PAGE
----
Middle East Times
Published November 10, 2006
The Turkish parliament passed a law on Thursday to improve the property rights of the country's tiny Christian and Jewish communities, a key European Union demand, and faced criticism that the bill falls short of expectations.
The legislation, which needs the president's approval to take effect, paves the way for mainly Greek, Armenian, and Jewish foundations to recover properties seized by the state since 1974 under a controversial court ruling.
Community representatives have slammed the bill for failing to provide a remedy for the return of or compensation for properties the state had since sold to third parties, warning that Turkey risks hefty compensation cases at the European Court of Human Rights.
They have also denounced a provision that limits the period for applications for the return of properties to 18 months.
In a report on Ankara's progress toward membership, the European Commission said Wednesday that "non-Muslim religious communities have no access to legal personality and continue to face restricted property rights," even though freedom of worship is "generally respected" in the country.
The bill, an overhaul of the Foundations Law, loosens the tight state control over all foundations and broadens their rights on property and administration.
In another move to address EU criticism, it allows foundations to operate abroad and receive foreign funds, but only on the condition that international activities are mentioned in their statutes, a restriction that, critics say, effectively excludes non-Muslim institutions.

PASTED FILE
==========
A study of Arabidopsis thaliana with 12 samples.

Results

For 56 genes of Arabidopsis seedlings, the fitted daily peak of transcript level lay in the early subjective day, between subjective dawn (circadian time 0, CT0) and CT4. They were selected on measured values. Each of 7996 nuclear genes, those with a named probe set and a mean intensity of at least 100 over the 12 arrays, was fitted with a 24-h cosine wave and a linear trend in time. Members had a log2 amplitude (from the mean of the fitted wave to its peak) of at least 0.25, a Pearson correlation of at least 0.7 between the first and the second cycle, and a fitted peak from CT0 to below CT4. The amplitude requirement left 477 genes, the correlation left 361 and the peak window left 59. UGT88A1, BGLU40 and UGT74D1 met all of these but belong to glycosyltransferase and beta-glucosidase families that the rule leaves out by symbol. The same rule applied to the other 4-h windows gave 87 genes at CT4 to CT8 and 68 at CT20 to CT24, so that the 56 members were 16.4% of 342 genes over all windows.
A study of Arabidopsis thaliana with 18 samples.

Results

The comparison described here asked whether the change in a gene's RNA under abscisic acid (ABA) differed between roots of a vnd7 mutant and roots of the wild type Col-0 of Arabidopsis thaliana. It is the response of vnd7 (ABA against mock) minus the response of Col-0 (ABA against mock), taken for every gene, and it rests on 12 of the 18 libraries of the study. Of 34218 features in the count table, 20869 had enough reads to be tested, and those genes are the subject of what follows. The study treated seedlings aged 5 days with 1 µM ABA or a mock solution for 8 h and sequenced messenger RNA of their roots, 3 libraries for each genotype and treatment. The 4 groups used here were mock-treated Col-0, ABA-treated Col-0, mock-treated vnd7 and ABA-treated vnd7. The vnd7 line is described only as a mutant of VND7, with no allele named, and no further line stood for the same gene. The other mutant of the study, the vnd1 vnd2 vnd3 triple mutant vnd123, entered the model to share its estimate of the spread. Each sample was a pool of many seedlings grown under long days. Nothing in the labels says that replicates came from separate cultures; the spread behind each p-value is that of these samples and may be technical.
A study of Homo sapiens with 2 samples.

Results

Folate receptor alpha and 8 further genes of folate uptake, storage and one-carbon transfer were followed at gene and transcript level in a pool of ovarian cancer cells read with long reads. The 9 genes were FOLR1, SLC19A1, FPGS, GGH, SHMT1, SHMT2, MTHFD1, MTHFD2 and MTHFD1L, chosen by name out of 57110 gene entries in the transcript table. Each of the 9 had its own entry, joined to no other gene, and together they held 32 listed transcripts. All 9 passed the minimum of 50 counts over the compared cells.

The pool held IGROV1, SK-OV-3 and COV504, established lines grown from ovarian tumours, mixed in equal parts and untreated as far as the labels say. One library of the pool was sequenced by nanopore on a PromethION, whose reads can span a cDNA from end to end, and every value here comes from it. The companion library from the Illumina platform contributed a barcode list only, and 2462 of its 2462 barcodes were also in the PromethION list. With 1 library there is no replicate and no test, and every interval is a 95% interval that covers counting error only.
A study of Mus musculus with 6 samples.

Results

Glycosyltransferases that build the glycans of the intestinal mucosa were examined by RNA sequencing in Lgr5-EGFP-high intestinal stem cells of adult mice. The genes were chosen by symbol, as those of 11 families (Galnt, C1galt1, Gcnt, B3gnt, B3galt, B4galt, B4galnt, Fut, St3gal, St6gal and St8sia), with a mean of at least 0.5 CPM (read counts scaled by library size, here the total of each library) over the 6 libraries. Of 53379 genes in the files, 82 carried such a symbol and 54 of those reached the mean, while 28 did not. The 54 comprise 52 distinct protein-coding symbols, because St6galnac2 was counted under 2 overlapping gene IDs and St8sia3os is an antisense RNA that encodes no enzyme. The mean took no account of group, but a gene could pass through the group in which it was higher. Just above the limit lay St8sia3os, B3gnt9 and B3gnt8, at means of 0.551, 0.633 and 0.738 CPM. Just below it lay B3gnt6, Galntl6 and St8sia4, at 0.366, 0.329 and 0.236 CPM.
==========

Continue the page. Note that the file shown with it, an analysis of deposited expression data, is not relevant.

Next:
The bill, on parliament's agenda since September, faced harsh objections by the main opposition, which accused the government of compromising Turkey's interests under EU pressure.
Non-Muslims in Turkey are mostly Greeks and Armenians, often viewed with suspicion because of deep mistrust toward Greece, a historical rival, and Armenia, which accuses Ottoman Turks of having committed genocide against its ancestors during World War I.
In September, legislators also broadened the rights of minority schools, but scrapped a proposal that would have allowed them to enrol foreign students, in a move to avoid laying ground for the reopening of a Greek Orthodox theology school, another EU demand.
The 1971 closure of the century-old seminary, on the island of Halki off Istanbul, deprived the Eastern Orthodox Church, seated in Istanbul since Byzantine times when the city was called Constantinople, of a facility to train clergy.
The issue of Christian minority rights is also likely to figure high on the agenda of Pope Benedict XVI when he visits Turkey in late November.